Wednesday, September 18, 2019

Review of "Crackerjack Halfback," by Matt Christopher

Review of

Crackerjack Halfback, by Matt Christopher 

Four out of five stars

 This book of adolescent sports fiction stars Freddie as a fast football halfback restricted to only playing offense as he is reluctant to engage in the level of contact needed to make tackles. Which is a disadvantage to his team, for they need his speed on the defensive side of the ball. Freddie is being raised by his single mother and he often wishes his dad were there to give him advice. Freddie is also the equivalent of a big brother to Jimmie, a younger child in the neighborhood.

 When Freddie faces potential death in a car accident and has to decide whether to attend a Halloween party or take Jimmie trick-or-treating, he learns that football is no substitute for the challenges of life. As a consequence, Freddie acquires the courage to make strong tackles, making him a valuable member of the defensive team.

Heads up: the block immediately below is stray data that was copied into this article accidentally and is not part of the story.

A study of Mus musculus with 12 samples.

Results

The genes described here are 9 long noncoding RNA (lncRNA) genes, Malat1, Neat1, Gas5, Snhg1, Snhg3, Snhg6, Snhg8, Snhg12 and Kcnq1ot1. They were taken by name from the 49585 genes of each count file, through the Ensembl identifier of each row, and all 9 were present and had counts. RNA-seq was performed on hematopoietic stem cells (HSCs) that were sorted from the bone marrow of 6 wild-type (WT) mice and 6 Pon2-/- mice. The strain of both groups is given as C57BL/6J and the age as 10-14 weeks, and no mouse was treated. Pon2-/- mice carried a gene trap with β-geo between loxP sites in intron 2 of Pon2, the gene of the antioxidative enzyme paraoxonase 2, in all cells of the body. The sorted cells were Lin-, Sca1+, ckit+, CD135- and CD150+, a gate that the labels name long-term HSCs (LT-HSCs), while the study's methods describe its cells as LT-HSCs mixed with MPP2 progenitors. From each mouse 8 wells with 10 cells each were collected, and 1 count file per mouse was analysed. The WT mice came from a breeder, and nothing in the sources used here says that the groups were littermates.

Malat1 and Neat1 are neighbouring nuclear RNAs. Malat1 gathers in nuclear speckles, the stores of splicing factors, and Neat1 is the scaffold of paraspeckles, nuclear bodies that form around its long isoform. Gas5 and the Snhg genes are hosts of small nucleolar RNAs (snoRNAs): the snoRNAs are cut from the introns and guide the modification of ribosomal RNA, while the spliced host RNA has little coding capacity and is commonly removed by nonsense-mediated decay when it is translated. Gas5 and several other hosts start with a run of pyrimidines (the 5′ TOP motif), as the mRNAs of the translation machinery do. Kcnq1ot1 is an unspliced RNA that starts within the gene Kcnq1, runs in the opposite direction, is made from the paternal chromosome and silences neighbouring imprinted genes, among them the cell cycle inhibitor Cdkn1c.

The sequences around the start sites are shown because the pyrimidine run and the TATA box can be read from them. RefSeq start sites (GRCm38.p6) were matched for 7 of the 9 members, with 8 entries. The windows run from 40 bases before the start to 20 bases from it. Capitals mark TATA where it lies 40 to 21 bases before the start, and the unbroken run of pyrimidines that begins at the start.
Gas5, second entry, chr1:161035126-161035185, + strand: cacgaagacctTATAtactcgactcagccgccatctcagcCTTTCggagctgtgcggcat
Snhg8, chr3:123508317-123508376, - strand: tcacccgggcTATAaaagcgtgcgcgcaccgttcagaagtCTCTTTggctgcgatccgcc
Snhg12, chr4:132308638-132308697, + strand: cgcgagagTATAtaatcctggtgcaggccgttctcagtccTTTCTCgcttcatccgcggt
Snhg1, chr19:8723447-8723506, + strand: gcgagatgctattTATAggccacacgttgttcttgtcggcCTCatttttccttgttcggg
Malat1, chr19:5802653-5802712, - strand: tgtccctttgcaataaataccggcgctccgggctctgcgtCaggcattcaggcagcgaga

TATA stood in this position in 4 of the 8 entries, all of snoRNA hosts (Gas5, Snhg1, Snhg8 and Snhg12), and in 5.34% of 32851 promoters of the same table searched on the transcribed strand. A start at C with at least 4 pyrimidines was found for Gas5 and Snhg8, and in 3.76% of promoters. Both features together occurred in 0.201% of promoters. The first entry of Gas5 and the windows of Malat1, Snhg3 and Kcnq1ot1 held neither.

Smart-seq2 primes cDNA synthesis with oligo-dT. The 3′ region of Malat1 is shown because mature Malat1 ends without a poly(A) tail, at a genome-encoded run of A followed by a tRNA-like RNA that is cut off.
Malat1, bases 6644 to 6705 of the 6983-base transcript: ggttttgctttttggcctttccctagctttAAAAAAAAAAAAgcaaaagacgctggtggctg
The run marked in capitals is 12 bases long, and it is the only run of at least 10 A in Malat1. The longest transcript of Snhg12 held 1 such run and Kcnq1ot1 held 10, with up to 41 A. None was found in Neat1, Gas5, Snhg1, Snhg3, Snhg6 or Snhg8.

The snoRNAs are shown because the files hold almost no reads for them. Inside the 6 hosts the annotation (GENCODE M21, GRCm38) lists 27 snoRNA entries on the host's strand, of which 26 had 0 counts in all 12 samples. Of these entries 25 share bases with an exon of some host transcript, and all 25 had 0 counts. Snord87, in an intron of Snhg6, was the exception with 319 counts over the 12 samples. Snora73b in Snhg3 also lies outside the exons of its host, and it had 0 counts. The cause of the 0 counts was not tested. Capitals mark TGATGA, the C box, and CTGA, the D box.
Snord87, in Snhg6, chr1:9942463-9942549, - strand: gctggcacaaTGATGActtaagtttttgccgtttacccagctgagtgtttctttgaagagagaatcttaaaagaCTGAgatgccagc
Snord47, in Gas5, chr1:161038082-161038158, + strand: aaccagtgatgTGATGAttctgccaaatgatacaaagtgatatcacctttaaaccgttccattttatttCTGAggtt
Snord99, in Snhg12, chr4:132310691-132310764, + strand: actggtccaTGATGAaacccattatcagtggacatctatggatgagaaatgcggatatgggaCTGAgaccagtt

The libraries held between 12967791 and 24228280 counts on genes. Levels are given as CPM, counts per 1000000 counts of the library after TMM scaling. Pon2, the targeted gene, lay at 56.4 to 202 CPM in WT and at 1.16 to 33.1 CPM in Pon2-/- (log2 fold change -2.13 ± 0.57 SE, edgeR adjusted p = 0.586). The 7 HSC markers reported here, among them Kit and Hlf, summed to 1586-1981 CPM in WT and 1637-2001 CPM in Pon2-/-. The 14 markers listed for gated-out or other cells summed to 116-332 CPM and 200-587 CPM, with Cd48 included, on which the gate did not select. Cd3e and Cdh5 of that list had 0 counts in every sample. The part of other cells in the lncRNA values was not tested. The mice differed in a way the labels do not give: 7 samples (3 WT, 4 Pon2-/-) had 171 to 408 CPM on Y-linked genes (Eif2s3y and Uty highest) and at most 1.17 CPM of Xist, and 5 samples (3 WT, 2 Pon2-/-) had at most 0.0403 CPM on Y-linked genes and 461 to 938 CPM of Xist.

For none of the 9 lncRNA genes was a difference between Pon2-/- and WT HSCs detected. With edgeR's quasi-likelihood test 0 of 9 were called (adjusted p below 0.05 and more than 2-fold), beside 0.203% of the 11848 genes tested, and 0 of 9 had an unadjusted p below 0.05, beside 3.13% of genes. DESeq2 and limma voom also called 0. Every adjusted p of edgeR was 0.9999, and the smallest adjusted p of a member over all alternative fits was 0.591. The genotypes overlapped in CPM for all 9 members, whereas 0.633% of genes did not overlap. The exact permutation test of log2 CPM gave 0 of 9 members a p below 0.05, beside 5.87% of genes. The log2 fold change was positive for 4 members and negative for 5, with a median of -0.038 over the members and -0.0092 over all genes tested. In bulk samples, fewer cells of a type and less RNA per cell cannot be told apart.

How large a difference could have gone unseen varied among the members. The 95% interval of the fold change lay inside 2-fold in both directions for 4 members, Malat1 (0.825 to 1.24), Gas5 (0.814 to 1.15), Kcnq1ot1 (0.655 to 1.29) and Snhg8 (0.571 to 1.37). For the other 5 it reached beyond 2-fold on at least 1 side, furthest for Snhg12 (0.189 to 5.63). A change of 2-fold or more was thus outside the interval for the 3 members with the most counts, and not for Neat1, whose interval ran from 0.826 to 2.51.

What is different about this book and a positive feature is that this is not just another book where the main character is playing the big game at the end for a title. Freddie’s team is not championship caliber, their last game is being played so that they will finish with a .500 record. Furthermore, while Freddie is a good player, he is not a star, making all the big plays in leading his team to victory.

 The best part of this book is Freddie’s relationship with Jimmie, lacking a father himself, he knows what it is like not to have attention from an older male. Rather than mope about it, he becomes a friend to a boy that needs what he lacks. In many ways this is a book more about growing up than it is about playing football.